By Marichelle B. Cirunay, BSN,RN Infection Preventionist, Hebrew Health Care
A 100oF or higher fever or feeling feverish (not everyone with the flu has a fever)
A cough and/or sore throat
A runny or stuffy nose
Headaches and/or body aches
Nausea, vomiting, and/or diarrhea (most common in children)
Do I have the flu or a cold?
The flu and the common cold have similar symptoms. It can be difficult to tell the difference between them. Your health care provider can give you a test within the first few days of your illness to determine whether or not you have the flu.
In general, the flu is worse than the common cold. Symptoms such as fever, body aches, tiredness, and cough are more common and intense with the flu. People with colds are more likely to have a runny or stuffy nose.
When should I seek emergency medical attention?
Seek medical attention immediately if you experience any of the following:
Difficulty breathing or shortness of breath
Purple or blue discoloration of the lips
Pain or pressure in the chest or abdomen
Severe or persistent vomiting
Flu-like symptoms that improve but then return with fever and worse cough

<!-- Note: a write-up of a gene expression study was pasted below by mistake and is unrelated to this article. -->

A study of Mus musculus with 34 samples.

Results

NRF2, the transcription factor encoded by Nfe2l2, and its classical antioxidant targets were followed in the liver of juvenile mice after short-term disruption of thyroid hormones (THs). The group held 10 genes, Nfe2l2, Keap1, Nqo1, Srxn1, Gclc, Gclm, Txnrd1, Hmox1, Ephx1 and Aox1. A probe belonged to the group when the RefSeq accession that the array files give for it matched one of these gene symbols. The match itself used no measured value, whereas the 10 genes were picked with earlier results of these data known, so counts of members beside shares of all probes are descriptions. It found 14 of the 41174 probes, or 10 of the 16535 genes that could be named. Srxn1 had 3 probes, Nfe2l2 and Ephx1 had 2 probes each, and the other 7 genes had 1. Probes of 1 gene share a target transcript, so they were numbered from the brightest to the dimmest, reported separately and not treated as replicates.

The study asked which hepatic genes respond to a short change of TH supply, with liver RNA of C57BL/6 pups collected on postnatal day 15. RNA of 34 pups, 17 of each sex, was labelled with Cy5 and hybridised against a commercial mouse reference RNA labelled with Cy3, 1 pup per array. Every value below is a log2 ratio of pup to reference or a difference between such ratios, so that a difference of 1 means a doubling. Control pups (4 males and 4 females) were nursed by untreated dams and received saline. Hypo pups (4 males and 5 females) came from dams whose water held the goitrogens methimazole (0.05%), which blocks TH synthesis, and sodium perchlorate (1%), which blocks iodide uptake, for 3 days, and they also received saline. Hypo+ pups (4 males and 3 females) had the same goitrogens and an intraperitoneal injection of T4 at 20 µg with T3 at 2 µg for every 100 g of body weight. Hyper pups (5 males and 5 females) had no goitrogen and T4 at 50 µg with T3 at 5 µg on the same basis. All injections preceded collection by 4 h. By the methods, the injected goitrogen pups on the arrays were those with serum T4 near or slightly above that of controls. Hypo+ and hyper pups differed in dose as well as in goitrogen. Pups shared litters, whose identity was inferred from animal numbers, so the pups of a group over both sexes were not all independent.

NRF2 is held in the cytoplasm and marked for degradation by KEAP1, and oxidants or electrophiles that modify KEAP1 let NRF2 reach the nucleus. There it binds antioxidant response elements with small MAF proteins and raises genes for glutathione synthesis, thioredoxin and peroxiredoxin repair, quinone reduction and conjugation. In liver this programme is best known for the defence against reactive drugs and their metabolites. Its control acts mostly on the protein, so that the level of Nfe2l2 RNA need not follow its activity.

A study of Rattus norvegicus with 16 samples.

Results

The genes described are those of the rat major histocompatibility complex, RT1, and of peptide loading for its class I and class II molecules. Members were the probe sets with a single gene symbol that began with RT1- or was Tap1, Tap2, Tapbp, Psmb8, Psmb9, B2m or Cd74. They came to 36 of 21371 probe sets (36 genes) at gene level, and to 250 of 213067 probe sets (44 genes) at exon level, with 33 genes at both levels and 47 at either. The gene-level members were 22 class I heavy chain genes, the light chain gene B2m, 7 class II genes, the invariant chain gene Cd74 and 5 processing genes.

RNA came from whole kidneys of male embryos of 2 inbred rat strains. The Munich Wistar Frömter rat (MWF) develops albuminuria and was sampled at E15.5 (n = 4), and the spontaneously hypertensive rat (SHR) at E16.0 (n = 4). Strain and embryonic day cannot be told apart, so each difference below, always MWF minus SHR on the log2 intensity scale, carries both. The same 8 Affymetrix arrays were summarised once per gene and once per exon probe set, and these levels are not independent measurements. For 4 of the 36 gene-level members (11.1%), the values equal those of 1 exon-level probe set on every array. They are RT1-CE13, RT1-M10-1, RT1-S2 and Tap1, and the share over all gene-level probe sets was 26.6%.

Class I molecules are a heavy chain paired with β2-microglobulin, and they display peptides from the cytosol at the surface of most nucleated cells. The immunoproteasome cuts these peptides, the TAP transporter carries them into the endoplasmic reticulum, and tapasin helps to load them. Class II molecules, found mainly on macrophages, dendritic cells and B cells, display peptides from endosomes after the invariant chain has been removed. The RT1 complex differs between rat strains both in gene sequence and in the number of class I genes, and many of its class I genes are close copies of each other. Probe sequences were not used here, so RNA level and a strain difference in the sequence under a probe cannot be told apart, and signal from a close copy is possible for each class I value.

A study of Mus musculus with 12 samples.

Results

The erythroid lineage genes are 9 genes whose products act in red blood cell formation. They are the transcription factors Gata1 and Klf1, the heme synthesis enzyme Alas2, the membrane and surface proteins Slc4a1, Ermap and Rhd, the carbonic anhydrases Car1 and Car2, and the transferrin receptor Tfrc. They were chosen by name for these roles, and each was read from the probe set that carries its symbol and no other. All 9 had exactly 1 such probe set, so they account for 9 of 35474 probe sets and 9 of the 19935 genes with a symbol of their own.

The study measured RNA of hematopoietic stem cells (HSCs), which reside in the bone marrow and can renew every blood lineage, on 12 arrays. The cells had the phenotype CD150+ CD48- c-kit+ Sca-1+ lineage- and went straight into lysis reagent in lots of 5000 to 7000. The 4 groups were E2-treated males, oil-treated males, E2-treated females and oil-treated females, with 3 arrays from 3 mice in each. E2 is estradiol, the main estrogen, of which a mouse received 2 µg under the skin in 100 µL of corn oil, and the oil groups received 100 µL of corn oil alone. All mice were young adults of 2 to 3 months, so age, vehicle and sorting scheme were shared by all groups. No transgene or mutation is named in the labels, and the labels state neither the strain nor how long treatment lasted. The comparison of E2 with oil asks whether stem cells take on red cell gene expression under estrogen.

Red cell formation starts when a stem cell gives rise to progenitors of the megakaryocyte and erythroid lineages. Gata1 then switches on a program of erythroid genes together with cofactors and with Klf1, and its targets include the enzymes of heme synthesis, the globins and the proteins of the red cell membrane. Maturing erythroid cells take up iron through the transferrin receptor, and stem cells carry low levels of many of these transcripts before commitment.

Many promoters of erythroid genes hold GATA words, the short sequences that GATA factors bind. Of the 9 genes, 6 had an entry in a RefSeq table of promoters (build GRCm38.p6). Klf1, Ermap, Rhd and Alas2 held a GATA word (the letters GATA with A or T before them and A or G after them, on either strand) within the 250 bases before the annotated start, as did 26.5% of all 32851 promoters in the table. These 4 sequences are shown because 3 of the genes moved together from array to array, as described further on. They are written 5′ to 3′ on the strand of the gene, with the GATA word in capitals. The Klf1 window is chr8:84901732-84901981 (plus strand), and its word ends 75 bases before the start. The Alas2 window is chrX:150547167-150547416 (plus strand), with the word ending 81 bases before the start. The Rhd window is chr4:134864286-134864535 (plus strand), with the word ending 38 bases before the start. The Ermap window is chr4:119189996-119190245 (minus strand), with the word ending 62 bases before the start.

If you have been diagnosed with the flu, you should stay home and follow your health care provider’s recommendations. Talk to your health care provider or pharmacist about over-the-counter and prescription medications to ease flu symptoms and help you feel better faster.
You can treat flu symptoms with and without medication.
Over-the-counter medications may relieve some flu symptoms but will not make you less contagious.
Your health care provider may prescribe antiviral medications to make your illness milder and prevent serious complications.
Your health care provider may prescribe antibiotics if your flu has progressed to a bacterial infection.
Are there ways to treat the flu or its symptoms without medication?